January 5, 2010 By: George Dooley

There’s hope! A survey of more than 150 travel managers by the National Business Travel Association (NBTA)— the association for business travel professionals— shows that the December 25, 2009 attempted bombing of an Amsterdam-to-Detroit flight is likely to have little impact on business travel levels. Eighty-one percent of respondents said their companies would not reduce travel as a result of the attack.

The number of respondents reporting the attempted attack raised new concerns about the safety of air travel (43 percent) was nearly equal to the percentage reporting no new concerns resulting from the incident (42 percent). Two percent of respondents said they would reduce international travel after the attempted attac; zero said they would reduce domestic travel; and 16 percent said they are still assessing.

Asked if the new security directives implemented by the Transportation Security Administration (TSA) on January 4  raise a new level of concern about the convenience or comfort of air travel, 48 percent of survey respondents said no and 36 percent said yes.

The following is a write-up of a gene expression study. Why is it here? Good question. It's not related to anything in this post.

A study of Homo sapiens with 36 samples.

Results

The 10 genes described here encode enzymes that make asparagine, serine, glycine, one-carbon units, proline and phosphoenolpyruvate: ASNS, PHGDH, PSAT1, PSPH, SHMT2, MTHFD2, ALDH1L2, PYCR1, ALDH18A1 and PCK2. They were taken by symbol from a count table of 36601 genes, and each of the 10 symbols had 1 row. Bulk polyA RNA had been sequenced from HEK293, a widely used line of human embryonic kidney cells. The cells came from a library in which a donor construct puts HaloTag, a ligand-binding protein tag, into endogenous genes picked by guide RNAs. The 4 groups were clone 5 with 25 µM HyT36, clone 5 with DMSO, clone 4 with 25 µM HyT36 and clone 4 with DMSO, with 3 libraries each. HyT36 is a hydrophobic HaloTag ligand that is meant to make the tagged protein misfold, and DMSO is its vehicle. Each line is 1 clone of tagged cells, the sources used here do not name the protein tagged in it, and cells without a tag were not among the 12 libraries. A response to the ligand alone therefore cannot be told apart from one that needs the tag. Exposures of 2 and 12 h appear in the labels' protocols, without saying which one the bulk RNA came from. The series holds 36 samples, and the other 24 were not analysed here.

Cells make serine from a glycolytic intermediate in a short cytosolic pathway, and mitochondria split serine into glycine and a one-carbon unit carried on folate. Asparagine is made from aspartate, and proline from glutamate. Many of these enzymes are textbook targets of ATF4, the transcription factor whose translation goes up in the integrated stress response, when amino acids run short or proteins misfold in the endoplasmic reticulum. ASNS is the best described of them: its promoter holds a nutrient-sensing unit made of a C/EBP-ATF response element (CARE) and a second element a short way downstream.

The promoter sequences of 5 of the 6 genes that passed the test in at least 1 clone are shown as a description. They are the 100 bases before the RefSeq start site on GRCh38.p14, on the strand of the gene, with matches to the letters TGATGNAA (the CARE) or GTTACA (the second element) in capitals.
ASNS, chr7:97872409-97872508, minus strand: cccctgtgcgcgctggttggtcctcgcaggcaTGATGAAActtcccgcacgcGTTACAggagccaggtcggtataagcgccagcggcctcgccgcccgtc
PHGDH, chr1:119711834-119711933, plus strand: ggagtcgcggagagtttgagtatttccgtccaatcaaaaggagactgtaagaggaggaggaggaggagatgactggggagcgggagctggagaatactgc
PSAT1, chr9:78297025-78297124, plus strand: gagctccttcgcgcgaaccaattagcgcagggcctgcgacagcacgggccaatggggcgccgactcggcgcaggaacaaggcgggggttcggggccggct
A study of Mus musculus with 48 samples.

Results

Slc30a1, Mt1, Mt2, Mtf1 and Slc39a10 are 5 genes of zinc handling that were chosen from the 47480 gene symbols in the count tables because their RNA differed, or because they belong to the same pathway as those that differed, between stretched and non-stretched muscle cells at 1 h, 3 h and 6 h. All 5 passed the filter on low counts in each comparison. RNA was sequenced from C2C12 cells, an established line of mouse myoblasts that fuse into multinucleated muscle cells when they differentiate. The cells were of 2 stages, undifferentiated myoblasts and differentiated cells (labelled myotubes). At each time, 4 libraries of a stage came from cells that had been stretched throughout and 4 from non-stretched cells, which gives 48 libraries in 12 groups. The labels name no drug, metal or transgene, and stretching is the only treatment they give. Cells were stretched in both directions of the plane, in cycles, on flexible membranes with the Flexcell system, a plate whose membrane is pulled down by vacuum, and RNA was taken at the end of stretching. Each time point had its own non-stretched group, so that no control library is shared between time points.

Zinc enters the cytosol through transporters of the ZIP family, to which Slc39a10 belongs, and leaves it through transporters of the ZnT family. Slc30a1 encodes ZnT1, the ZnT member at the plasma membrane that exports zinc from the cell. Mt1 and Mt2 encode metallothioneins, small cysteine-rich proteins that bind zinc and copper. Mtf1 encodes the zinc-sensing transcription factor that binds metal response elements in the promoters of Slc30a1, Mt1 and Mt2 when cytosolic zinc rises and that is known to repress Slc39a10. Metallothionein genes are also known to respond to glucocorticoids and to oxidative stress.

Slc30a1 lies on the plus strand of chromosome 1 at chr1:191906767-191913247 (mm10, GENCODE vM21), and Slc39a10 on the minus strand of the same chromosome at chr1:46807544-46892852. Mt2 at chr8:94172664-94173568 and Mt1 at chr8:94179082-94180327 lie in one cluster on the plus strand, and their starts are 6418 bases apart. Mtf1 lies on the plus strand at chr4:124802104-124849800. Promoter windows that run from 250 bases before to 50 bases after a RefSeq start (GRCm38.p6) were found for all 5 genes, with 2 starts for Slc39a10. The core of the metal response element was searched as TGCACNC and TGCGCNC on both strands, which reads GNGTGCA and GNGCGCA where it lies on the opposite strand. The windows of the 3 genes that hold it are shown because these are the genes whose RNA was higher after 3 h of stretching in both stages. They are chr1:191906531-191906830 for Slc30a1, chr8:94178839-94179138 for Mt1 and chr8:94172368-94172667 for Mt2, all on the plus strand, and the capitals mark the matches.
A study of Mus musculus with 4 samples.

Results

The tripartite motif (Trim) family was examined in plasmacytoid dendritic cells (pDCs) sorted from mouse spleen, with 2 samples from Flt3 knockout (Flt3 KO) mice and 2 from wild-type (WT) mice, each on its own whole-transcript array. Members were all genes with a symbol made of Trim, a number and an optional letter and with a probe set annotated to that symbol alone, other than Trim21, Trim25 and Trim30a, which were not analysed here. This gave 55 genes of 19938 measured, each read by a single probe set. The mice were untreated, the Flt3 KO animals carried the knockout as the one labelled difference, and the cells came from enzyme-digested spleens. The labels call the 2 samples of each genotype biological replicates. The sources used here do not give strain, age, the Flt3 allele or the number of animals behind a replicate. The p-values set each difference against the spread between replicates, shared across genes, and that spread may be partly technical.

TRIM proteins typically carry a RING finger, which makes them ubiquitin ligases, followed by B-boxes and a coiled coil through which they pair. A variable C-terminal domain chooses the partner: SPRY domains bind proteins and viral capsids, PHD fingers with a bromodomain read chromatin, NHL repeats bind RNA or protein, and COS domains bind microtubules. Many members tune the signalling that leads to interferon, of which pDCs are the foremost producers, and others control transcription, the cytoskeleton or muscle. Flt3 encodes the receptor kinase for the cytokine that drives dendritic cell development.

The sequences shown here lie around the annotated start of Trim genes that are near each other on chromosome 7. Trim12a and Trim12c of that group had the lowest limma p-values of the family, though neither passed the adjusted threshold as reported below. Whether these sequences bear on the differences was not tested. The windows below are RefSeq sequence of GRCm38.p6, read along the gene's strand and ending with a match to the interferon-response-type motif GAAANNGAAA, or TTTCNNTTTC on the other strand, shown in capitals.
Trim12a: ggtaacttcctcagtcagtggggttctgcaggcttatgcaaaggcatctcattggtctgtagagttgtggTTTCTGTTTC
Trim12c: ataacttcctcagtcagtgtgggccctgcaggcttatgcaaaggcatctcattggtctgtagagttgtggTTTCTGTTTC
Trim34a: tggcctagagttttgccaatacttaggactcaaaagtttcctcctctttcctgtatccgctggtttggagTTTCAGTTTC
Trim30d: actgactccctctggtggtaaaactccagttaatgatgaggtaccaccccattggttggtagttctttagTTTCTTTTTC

"The survey results are right in line with what we've seen in the past with attempted attacks and changes in security protocols. These incidents prompt a lot of important discussion and analysis, but don't significantly alter corporate travel patterns, because travel is the lifeblood of so many businesses. The primary actions travel managers are taking right now are engaging in discussions with top-level management and communicating with their companies' travelers," NBTA president and CEO, Craig Banikowski said.

NBTA Executive Director & COO, Michael W. McCormick added, “NBTA encourages governments and airports to strike the proper balance of safety and efficiency in these new regulations and future policy changes. On behalf of business travelers around the world, we plan to monitor the outcome of these new regulations, seeking feedback from the business travel community on convenience and safety. We are also hopeful that in addition to physical screening enhancements, the United States will work more closely with international bodies to address watch list procedures and risk management programs that should serve as tools to help improve the aviation security system.”

The 152 survey respondents were from among NBTA's travel manager membership. The average NBTA member travel manager oversees a corporate travel budgets averaging more than $16 million.